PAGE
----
An approved levy and the latest round of budget cuts don't mean Reynoldsburg school district officials can stop paying close attention to spending.

An approved levy and the latest round of budget cuts don't mean Reynoldsburg school district officials can stop paying close attention to spending.

The state budget is still the wild card.

Treasurer Tammy Miller said last week she has no idea what state lawmakers will do when it comes to education funding.

"But the state budget is very important to Reynoldsburg's financial stability," she said.

Although voter approval of an operating levy in May helps, Miller said the district still needs to watch its budget, which will also be affected by what happens with the state budget for fiscal years 2012 and 2013.

"The state has already started that process and their decisions will impact our state funding, which is roughly half of our funding," Miller said.

"The state has three options," she said. "They could cut school districts, leave us the same or give us an increase. I can't speculate what the state is going to do, but I would think it would never be an increase."

Miller told the board of education at its July 20 meeting that the Reynoldsburg school district has finished making the $3-million in cuts officials planned for the next school year.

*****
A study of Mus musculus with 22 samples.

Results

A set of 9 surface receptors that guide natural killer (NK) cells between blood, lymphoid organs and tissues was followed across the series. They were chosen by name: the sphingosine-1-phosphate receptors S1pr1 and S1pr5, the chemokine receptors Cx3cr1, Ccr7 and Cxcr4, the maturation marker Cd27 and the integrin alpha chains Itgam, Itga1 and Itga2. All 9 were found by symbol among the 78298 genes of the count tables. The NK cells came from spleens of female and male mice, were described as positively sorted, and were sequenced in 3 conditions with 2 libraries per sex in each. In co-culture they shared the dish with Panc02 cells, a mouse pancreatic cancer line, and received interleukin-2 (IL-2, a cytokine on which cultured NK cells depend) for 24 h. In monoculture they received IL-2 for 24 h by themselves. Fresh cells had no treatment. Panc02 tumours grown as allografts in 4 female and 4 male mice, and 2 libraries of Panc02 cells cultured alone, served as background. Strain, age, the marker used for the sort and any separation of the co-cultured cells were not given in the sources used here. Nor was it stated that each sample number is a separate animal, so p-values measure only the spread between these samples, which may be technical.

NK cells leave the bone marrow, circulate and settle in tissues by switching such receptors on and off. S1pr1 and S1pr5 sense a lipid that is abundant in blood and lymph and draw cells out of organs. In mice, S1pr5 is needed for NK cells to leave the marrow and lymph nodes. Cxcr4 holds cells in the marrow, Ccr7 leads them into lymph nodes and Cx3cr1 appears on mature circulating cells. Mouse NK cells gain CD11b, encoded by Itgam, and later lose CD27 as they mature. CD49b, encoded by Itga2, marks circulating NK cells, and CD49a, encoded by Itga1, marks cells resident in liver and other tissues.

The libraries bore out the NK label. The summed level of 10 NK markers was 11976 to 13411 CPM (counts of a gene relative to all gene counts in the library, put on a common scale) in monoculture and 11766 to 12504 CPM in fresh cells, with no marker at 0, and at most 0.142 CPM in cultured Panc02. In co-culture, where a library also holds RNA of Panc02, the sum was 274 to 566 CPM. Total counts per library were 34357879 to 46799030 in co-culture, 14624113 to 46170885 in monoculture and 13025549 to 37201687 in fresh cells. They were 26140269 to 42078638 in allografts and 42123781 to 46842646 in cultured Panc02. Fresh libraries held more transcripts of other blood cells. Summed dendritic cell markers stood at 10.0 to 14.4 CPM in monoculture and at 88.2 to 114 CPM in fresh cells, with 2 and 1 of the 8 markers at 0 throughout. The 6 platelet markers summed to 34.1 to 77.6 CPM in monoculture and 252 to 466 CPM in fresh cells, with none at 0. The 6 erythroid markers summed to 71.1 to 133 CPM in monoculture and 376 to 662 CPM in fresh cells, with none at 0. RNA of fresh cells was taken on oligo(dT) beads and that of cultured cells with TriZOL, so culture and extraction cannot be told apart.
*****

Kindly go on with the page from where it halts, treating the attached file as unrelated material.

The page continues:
In addition, she said, the district ended the fiscal year in better financial shape than anticipated, with nine days of cash flow, or about $1.4-million, instead of just five days of cash flow.

This was mostly due to a spending freeze placed on teachers, administrators and support staff last year, she said.

"I want to reiterate what a great job our administrators, teachers and support staff did, since a big chunk of that money came from the spending freeze and not buying supplies, which made a huge difference in our budget this year," Miller said. "We're still in a pretty precarious position financially, but we're thrilled to have that little bit of a cushion."

Miller said the cuts were completed mainly through staff reductions and retirements, which accounted for 98 percent of the $3-million.

"The result is, the district will have 29 fewer teachers, 12 fewer support staff and nine-and-a-half fewer administrative staff than we started out with in the 2009-2010 school year," Miller said.

She said closing Graham Road Elementary School was a big part of the budget adjustments. Even with the passage of a May operating levy, $3-million in cuts were needed in order to make the levy money last until 2014, she said.

"We're in the process of reinstating the things we promised with the levy passing: Reinstating busing and phasing in art, music and physical education," Miller said.